Asia stocks fall after plane shot down

Asian stocks fell for the first time in five days after a Malaysia plane was shot down over Ukraine and Israel sent troops into Gaza, spurring demand for haven assets.

The MSCI Asia Pacific Index declined 0.3% to 146.79 as of 8.07pm in Hong Kong (7.07pm Thailand time) as all of its 10 industry groups retreated, paring this week's advance to 0.6%. The regional gauge followed losses in Europe and the United States after Ukraine's government claimed pro-Russia rebels shot down the passenger jet over disputed territory, killing all 298 people on board. Equities in New York extended a retreat in the last hour of trading as Israel sent ground forces into Gaza.

"Geopolitical risks have resurfaced, sparking a selldown in global share markets and a flight to quality assets," said Matthew Sherwood, Sydney-based head of investment markets research at Perpetual, which manages about US$29 billion. "At present, details remain scarce with pro-Russian and Ukrainian forces subsequently blaming each other for the attack."

Japan's Topix index slid 0.8%. Taiwan's Taiex index, New Zealand's NZX 50 Index and South Korea's Kospi index all lost 0.1%. Australia's S&P/ASX 200 Index gained 0.2%. The FTSE Bursa Malaysia KLCI Index dropped 0.5%. Singapore's Straits Times Index rose 0.1%.

Hong Kong's Hang Seng Index fell 0.3% and the Hang Seng China Enterprises Index of mainland Chinese stocks lost 0.3%. The Shanghai Composite Index advanced 0.2%.

Malaysian Airlines flight MH17 was en route to Kuala Lumpur from Amsterdam when it disappeared from radar and crashed in eastern Ukraine, near the Russian border. Russian President Vladimir Putin blamed the Ukrainian government for the jet crash, while Kiev said pro-Russian rebels were behind the attack. The separatists denied the accusation.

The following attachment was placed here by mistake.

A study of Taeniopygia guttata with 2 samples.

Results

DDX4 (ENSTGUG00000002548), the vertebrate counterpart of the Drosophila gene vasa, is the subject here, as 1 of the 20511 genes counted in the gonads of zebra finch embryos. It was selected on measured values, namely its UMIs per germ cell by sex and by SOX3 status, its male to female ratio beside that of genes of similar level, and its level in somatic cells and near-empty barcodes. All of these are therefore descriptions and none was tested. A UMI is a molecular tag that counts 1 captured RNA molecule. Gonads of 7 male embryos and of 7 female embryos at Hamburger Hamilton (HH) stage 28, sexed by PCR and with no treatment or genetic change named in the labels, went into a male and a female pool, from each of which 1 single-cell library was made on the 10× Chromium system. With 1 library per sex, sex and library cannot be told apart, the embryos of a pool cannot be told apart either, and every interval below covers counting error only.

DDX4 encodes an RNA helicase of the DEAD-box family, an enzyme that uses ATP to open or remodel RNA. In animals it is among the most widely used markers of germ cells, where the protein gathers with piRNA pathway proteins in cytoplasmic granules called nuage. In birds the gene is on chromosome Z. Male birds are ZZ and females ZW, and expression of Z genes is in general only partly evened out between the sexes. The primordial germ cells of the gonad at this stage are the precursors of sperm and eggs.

Israel moved troops and tanks into Hamas-controlled Gaza, accompanied by heavy artillery shelling, marking the first significant Israeli ground operation in the area since 2009. It follows intensified aerial attacks in which more than 200 Gaza residents were killed. Palestinians launched some 1,250 rockets into Israel, killing one person, with many attacks intercepted by missile defenses.

"We expect this negativity to continue throughout the Asian trading day and into the European session tonight," said Evan Lucas, a market strategist at IG in Melbourne. "How hard the fall amounts to will depend on the reaction of Europe, Russia and the US over the coming week."

"Certainly, today's news of the aeroplane disaster in the Ukraine, of Israel moving into Gaza, this is not conducive to the investment climate that all of us need," Sam Walsh, chief executive officer of Rio Tinto Group, the world's second-biggest mining company, said on Friday at a B-20 forum of business leaders in Sydney.